Tigers Roar Back For Title 18


Photo: Patricia Melton


Results


When heavily-taped junior Carrington Akosa — who’d scored 14 points in the 100 and 200 in 2016 — was not able to compete to his level of ability, the Princeton Tigers looked dead. Rival Cornell had taken advantage of every opportunity, including outscoring the Orange & Black, 41-10, in Akosa’s specialities.

But perhaps Akosa’s Willis Reed efforts turned the tables.

The first thing that happened was that sophomore Stefan Amokwandoh, expected to finish sixth or so in the triple jump, let loose on a wind-legal 15.71-meter (51-6 1/2) leap to move into third-place, between two Cornellians. If he could hold that position, that one leap could provide a seven-point swing. As the winds died down for the final three leaps, his jump did hold up and opened a closing door for his Tigers.

Then junior Josh Freeman pulled off the next feat of heroism. As the decathlon took too long to finish before the relays, it was clear that the 4×400-meter relay would be important. No one knew just how important. Princeton was trailing Cornell by three points heading into the 4×4 and it looked like Big Red anchor Tobe Attah was going to push the margin to five — or maybe even seven — as he rounded the final turn. But Freeman, sitting in fourth behind Yale, Harvard and Cornell, barreled down the straightaway to pass Attah (and nearly overtake Harvard). His remarkable 46.76 split turned gloom into glory as the Tigers, knowing they’d score at least some points in the multi-event, celebrated their 18th championship.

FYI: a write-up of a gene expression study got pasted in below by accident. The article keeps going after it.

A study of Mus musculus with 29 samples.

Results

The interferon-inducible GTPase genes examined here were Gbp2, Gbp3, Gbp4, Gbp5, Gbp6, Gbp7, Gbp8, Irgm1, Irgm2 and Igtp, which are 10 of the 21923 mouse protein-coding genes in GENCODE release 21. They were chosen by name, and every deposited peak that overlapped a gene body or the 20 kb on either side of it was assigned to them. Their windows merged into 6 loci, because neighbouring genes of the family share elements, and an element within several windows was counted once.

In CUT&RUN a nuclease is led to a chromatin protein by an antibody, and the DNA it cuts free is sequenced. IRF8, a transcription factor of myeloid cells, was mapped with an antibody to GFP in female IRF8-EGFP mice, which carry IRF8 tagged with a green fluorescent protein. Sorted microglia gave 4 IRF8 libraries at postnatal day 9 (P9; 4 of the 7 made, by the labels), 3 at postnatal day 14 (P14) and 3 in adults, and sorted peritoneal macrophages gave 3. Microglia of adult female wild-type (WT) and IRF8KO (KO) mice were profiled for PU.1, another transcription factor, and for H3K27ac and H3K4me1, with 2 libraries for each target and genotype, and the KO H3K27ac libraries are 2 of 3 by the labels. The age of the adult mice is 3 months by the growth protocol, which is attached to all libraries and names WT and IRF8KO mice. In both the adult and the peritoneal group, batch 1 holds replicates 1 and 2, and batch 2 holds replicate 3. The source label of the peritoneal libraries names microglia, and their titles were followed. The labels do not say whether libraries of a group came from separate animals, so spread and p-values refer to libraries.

A seeming five-point deficit had turned into a one-point margin. Freshmen Justice Dixon and Harry Lord had little pressure — short of falling down in the decathlon 1,500-meter run — to clinch the team victory.

Cornell’s late fate might have been deflating, but the reality was that the Big Red had over performed in many events. Sophomore Zach Menchaca, who had a breakthrough at Outdoor Heps in 2016, did it again with a win in the 100-meter dash (10.55), a close second in the 200 (21.02) and a speedy relay win as the anchor of the 4×100 (40.32). Junior Dominic DeLuca looked like he’d closed the door on the Tigers with a second-place showing in the 5k (14:16.46) behind Columbia’s Ryan Thomas.

Some of the other great performances included Myles Marshall winning the 800-meter run with a mad dash down the home straight with just one shoe. Yale senior Marc-Andre Alexandre was voted Most Outstanding Track Performer by the coaches after winning the 400-meter dash in 46.84 and then coming back to anchoring the winning 4×400-meter relay with a 46.43 split. Penn senior Nick Tuck won the steeplechase, joining two-time Olympian Donn Cabral as the only three-time champions of the event and helping Penn to a third-place team finish. Princeton’s Joey Daniels was the only individual freshman champion, winning the 110-meter hurdles in a wind-assisted 13.88.

Harvard was fourth (by a single point), thanks in large measure to the efforts of senior Efe Uwaifo, who won both the long and triple jumps. Saturday’s long jump win came with a windy 7.85 meters (25-9 1/4) while Sunday’s triple victory came with another illegal mark of 16.18 meters (53-1). Despite Mother Nature’s relentless gusts, Uwaifo was selected as the Most Outstanding Field Athlete for his double championship.